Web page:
Virat Kohli’s tenure as captain saw a muted kind of end, with India’s shockingly early exit from the ongoing ICC T20 World Cup. Much before the tournament began, Kohli had formally announced his intention to step down as T20 captain. It was odd timing for such an announcement – if the idea had been playing on Kohli’s mind, why didn’t Team India go into the World Cup under the leadership of his successor, one might ask. If not, why not defer that statement?
Indian players and the BCCI have been engaging in small skirmishes ever since the England tour. Rumours had been rife on the management considering split captaincy. News of Kohli stepping down, oddly enough, first popped up on his personal social media account, deviating from the formal routine of a press release by the board.
Strangely, Kohli chose to continue to lead the side in the ODI format, which has little precedent elsewhere. Split captaincy essentially divides the role between Test cricket and shorter formats. With the 50-over format also losing popularity, it might not be long before Kohli may relinquish his job as ODI captain too.
Nonetheless, all of this signifies Kohli taking a break from his de facto position as the alpha male of Indian cricket. As captain, Kohli effectively reports to the son of the home minister of India. Although Jay Shah only occupies the second most powerful office in the BCCI, there is no denying the influence the ruling government wrests over the BCCI. Ever since the leadership overhaul in 2019, the board serves as an extended fiefdom of the Bharatiya Janata Party (BJP), as twisted a power dynamic that might be in Indian cricket today.
Kohli has been around for long enough to have a complete grasp of how the system works and where his bread is buttered. Any gesture from his end that does not sit well with the general public mood may very well result in his brand quotient taking a massive hit.
And yet, enough was enough for the Indian captain when the ugliest face of Hindutva reared its head in the wake of India’s crushing defeat to Pakistan in the T20 World Cup. Mohammed Shami, the team’s only Muslim member, faced blatant Islamophobic abuse on social media.
That was Kohli’s tipping point. He had remained silent when former Indian cricketer Wasim Jaffer had faced communal bigotry from those holding important offices, not too long ago. He toed the line when asked to tweet in support of the government during the farmer protests. He made friendly appearances on Prime Minister Narendra Modi’s ‘Fit India’ campaign. Kohli, in fact, was among the first major Indian celebrities to explicitly endorse demonetisation — exactly five years ago.
All of this was exactly what is expected out of someone professionally contracted with the BCCI – an organisation uncomfortably close to the ruling political class. Therefore, Kohli explicitly acknowledging the communal nature of Shami’s targeting felt unreal.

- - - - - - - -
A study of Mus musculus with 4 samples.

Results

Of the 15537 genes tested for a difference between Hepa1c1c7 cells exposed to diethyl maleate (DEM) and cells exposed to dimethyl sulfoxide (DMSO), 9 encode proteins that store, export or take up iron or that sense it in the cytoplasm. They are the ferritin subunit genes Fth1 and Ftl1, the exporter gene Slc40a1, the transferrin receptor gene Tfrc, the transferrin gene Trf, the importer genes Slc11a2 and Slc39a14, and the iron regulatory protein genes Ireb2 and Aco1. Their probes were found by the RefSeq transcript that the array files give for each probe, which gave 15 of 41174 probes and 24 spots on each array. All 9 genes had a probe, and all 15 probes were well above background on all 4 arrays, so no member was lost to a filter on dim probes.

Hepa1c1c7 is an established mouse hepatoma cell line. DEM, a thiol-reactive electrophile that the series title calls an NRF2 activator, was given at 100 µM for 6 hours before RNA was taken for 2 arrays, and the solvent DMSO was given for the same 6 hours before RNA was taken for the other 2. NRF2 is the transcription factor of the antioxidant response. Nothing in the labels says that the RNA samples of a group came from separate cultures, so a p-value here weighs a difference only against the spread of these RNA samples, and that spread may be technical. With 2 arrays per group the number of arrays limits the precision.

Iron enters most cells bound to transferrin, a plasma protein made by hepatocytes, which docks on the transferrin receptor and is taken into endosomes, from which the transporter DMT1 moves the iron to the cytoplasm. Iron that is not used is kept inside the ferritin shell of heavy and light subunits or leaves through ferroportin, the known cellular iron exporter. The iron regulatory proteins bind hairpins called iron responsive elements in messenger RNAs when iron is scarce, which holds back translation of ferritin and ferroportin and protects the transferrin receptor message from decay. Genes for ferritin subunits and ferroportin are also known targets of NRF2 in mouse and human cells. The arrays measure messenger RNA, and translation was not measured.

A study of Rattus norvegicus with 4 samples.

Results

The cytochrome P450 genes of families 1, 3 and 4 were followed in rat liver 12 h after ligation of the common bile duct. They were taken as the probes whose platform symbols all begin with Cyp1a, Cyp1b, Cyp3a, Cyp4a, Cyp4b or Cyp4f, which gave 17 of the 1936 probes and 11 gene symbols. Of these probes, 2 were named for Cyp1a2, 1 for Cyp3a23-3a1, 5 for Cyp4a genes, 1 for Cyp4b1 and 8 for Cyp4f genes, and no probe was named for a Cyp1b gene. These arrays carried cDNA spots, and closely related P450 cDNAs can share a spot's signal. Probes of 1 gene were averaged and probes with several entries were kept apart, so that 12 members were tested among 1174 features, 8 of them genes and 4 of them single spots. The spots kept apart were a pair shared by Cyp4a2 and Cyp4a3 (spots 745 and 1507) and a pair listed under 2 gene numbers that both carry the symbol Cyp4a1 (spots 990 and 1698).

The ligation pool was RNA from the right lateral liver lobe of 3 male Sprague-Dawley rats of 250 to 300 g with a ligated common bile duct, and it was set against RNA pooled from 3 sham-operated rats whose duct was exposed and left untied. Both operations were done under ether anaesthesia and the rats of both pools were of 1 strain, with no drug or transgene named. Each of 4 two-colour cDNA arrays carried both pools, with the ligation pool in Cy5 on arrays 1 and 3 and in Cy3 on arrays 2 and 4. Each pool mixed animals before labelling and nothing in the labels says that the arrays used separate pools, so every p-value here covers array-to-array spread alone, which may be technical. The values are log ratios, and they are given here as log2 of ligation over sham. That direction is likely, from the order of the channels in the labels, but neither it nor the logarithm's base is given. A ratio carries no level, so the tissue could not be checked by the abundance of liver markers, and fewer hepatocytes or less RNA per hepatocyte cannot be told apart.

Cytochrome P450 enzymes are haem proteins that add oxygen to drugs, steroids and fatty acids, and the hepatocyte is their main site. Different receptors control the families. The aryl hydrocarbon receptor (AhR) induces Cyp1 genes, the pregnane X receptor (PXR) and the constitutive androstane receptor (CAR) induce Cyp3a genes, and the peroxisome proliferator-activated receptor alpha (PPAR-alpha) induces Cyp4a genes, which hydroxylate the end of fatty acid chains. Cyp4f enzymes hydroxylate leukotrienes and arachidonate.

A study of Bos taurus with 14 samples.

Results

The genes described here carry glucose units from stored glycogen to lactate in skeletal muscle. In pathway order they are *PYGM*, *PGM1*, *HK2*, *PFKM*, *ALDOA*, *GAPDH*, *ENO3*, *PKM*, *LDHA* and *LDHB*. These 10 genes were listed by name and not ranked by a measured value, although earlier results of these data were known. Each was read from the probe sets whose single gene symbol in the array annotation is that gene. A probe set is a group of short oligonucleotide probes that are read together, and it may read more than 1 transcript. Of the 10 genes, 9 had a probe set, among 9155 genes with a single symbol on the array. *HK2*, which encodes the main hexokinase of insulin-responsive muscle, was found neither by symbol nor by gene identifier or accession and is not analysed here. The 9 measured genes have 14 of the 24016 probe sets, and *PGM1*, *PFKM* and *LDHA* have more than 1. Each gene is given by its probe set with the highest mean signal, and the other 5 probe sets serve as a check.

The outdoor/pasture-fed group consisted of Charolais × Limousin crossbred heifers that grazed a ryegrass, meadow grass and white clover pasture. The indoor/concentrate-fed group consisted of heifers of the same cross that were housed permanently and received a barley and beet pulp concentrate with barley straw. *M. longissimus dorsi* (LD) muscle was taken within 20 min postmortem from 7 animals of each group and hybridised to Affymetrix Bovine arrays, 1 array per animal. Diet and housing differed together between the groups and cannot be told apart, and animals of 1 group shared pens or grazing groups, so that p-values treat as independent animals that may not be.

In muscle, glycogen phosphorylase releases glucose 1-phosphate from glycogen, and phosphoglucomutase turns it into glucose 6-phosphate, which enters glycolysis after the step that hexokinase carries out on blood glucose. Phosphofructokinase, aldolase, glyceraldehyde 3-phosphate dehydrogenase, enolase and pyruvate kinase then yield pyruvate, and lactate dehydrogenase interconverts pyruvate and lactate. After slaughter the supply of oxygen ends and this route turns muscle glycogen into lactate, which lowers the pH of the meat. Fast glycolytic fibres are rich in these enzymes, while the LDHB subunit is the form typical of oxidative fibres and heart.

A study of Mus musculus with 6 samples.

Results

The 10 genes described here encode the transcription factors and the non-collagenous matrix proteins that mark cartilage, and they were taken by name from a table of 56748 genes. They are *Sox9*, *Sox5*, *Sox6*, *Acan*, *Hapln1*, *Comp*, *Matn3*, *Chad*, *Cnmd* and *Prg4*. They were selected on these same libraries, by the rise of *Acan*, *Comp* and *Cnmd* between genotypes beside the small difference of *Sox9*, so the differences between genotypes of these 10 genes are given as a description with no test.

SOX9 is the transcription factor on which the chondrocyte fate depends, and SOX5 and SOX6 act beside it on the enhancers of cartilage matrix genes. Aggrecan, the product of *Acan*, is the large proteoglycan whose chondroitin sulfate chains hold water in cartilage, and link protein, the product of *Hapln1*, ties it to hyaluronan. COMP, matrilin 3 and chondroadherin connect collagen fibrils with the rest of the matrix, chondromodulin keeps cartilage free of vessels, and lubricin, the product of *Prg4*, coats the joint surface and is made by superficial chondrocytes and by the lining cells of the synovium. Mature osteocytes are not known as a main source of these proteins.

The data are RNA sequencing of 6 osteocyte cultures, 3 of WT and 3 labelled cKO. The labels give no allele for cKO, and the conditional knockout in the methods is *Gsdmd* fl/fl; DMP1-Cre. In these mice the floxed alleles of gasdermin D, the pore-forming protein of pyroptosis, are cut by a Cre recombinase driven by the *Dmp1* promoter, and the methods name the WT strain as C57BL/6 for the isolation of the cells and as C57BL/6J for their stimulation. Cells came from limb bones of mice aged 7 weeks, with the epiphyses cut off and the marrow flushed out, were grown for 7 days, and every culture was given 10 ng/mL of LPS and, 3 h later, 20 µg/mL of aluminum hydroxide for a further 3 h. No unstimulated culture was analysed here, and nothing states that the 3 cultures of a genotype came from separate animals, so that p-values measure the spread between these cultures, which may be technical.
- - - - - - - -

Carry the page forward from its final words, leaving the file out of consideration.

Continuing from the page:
Was it Kohli’s personal fondness for Shami that was too overpowering for him to remain silent? Was it his own personal gripe, after having faced a barrage of online abuse for merely asking people to exercise moderation in their Diwali celebrations? Whatever triggered the unfiltered response in that press conference, Kohli showed it is entirely possible for those in a position of power to speak out their minds when they want and that the fears of repercussions are, while not entirely imaginary, definitely overplayed. Kohli’s words sent the right-wing online ecosystem into overdrive and he ended up facing another round of abuse; extending to his nine-month-old daughter.
But in the end, it did not matter. His stature, his commercial value, and his socio-economic privilege are too strong for even the most committed of ideological forces to cause him any real damage. His endorsements are intact. His fandom remains just as hysterical.
Kohli’s popularity among the masses still remains an extremely important vehicle for the Indian government to carry out soft propaganda. But his words and actions in the last couple of weeks have put to rest the conveniently forged explanations for celebrities in India not being able to speak out on important socio-political matters. His outburst showed that when they intend to, there’s indeed no stopping them.
In stepping down as T20 captain, Kohli has relinquished a third of his leadership role. It may not be long before he’s only left with a third of it. But in his final stretch as leader of the men in blue, he’s perhaps leaving behind something of far greater value. This won’t be the last time a Muslim cricketer’s loyalty to India is brought into question. But the next time it happens, he will know that his team has got his back.